Poultry production deemed main vector in Salmonella Kentucky evolution

As part of an international study, researchers at the Institut Pasteur, the INRA and the French Institute for Public Health Surveillance have tracked the emergence of a Salmonella strain that has developed resistance to almost every possible antibiotic treatment. The study has retraced the evolution of the bacteria throughout the last 50 years. It has determined the chronology for the appearance of different resistances, decrypted the bacteria’s mechanisms and identified poultry to be the main vector of the strain.

As part of an international study, researchers at the Institut Pasteur, the INRA and the French Institute for Public Health Surveillance have tracked the emergence of a Salmonella strain that has developed resistance to almost every possible antibiotic treatment.

The study has retraced the evolution of the bacteria throughout the last 50 years. It has determined the chronology for the appearance of different resistances, decrypted the bacteria’s mechanisms and identified poultry to be the main vector of the strain.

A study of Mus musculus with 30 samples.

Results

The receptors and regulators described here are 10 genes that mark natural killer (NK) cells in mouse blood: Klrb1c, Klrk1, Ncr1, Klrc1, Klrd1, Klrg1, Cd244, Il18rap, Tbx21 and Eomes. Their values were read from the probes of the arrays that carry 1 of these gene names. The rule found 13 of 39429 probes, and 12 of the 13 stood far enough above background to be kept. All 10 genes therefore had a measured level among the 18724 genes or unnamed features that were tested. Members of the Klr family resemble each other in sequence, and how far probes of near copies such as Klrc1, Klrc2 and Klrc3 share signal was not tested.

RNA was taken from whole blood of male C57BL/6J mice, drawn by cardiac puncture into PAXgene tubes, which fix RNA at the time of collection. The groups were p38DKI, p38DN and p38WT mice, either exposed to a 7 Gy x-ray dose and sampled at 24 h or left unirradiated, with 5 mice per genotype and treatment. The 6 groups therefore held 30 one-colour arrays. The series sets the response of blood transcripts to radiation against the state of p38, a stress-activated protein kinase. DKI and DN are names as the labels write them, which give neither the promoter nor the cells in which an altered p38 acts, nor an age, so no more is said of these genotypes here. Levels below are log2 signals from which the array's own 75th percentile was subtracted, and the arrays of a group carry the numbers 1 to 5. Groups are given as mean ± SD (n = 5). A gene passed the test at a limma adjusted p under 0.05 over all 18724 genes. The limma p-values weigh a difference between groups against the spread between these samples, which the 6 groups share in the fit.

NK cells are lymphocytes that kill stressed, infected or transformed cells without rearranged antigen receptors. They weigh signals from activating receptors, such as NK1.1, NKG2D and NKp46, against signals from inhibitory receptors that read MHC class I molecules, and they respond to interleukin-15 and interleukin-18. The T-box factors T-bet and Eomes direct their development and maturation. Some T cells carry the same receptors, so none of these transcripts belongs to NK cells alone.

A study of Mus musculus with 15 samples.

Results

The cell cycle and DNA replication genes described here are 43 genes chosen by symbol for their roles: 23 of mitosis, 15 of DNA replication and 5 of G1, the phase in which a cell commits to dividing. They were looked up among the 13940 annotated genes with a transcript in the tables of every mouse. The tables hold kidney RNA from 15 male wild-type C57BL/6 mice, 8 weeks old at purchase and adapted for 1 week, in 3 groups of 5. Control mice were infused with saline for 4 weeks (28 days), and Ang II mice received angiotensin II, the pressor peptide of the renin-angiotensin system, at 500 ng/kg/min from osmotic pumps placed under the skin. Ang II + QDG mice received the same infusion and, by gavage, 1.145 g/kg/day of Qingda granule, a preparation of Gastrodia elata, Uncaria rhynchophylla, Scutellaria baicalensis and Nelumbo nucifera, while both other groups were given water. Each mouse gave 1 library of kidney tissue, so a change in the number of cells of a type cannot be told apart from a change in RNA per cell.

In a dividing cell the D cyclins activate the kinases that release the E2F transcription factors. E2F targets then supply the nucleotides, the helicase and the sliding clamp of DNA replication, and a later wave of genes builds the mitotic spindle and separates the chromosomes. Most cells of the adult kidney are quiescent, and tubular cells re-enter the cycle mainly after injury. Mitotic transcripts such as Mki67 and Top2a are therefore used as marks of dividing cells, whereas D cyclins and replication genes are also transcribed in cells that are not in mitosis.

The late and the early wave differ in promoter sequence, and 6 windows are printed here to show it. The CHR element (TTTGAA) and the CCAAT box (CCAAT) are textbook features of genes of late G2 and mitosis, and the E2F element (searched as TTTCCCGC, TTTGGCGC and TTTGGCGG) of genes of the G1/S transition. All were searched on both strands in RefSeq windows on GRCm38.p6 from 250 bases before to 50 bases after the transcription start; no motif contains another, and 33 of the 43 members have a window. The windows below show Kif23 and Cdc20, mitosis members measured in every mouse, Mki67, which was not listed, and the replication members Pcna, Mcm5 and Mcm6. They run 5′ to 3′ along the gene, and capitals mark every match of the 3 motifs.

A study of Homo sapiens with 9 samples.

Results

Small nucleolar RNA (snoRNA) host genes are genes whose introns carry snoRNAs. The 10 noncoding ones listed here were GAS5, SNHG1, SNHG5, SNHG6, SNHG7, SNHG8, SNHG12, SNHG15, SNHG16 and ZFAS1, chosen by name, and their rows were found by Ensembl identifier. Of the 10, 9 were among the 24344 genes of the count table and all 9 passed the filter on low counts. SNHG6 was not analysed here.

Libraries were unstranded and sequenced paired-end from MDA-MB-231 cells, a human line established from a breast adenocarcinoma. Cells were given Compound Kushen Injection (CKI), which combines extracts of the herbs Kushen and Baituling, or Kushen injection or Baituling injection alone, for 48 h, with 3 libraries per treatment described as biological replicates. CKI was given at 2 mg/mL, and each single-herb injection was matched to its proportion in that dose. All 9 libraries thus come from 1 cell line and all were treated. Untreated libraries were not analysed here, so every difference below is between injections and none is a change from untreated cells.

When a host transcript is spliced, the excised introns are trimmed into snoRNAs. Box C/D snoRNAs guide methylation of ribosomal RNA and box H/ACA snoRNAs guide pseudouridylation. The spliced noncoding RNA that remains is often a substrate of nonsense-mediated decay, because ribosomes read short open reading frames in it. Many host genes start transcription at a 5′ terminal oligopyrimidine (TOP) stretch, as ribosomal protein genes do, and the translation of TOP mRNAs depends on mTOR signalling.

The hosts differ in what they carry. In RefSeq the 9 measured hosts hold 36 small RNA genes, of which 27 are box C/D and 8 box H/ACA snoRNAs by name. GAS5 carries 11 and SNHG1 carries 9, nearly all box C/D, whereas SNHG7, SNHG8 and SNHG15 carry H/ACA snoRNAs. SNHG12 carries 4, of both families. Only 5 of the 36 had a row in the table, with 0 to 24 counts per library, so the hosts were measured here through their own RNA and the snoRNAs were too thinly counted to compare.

Epidemiological data collected for the study has enabled researchers to track the explosion of the bacteria in real time starting from 2006. Between 2002 and 2008, 500 cases overall were recorded in France, the UK and Denmark. For France alone, between 2009 and 2010, 270 cases were confirmed. Furthermore, the contamination zone, initially limited to East and Northeast Africa, has progressively spread to North and West Africa, as well as to the Middle East.

The researchers’ observations seem to indicate that Egypt may be the geographical birthplace of the three steps of emergence of antibiotic resistance. It is there that all of the genetic modifications at the source of these resistances were identified for the first time.

Researchers consider that Salmonella Kentucky probably acquired the DNA fragment responsible for the first resistances via aquaculture systems. The widespread use of antibiotics in farming in Egypt since the early 1990s appears to have favored the natural selection of bacteria strains with this antibiotic resistance. The recent explosion of cases would then be linked to the spread of the bacteria in Africa within the poultry industry, a major consumer of flouroquinolones. The accumulation of all these resistances on the same strain of Salmonella Kentucky would therefore appear to be the source of the current epidemic.

The results of the study underline the importance of microbiological monitoring on both national and international levels, the researchers say, in particular in southern countries. They are a reminder of the public health risks on non-regulated use of antibiotics in farming that promotes the appearance and spread of resistant genes in bacteria responsible for food borne infections.